College Textbooks
8:48 am
Wed January 29, 2014

A New Study Looks at the High Cost of College Textbooks

Credit Jupiterimages/Stockbyte / Thinkstock
Nearly half of all college students surveyed said the cost of  textbooks impacted their choice of classes.
Nearly half of all college students surveyed said the cost of textbooks impacted their choice of classes.
Credit pennstatenews / Creative Commons

The price of college textbooks has increased 82 percent over the past decade, according to a new study that looks at alternatives to the traditional college textbook.

ConnPIRG is urging schools and professors to consider open textbooks.

Expensive textbooks are nothing new. It seems that writing a hefty check to the college bookstore before the semester starts is part of the collective college experience.

Jayne Ashley, a journalism graduate student at Quinnipiac University, said, "I always went to the bookstores for the first couple of semesters, because I didn't realize there was a different avenue to be able to purchase books." She now goes to Amazon.com to buy her textbooks.

Jayne got lucky this semester: she only had to buy one book. Still, she said, "On top of financial aid, work study, and internships, it's expensive to buy books on top of tuition and fees."

According to Abe Scarr, director of the Connecticut Public Interest Research Group, or ConnPIRG, there's a reason why textbooks are so expensive. He said, "Because it's not that classic market with good supply and demand, and competition, it's allowed the publishing industry to do things over the years to artificially inflate the price of books."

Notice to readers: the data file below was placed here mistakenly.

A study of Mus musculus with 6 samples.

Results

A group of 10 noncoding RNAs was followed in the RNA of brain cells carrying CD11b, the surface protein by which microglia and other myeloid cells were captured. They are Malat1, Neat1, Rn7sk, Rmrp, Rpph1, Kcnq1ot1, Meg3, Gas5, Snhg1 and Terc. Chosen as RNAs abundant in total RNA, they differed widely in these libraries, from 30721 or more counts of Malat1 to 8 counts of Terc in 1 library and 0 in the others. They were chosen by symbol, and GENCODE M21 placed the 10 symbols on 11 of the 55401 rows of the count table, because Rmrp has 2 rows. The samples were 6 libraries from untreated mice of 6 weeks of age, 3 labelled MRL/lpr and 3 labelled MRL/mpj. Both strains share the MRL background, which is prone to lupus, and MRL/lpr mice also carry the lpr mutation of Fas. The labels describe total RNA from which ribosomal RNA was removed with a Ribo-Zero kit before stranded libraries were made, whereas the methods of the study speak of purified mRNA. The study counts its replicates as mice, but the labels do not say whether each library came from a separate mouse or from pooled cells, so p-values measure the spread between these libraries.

The U.S. Public Interest Research Group interviewed 2,029 college students from 150 universities about textbooks, and picture is pretty grim. Sixty-five percent of students surveyed said that at some point in their college career, they decided against buying a textbook, because it was too expensive. Nearly half of the students said the cost of textbooks impacted how many and which classes they were going to take each semester.

ConnPIRG is urging schools and professors to consider open textbooks -- books that can be accessed online for little or no money. "They're often written by professors. They cover the same academic content, but they have a more flexible copyright," Scarr said. "They can be reproduced more easily. Students using open textbooks can save up to 100 dollars per class."

The survey showed that 82 percent of students felt they would do better in a class if the textbook were available online. Abe Scarr said that ConnPIRG already has promises from over 100 faculty members at UConn to use open license textbooks whenever available and appropriate.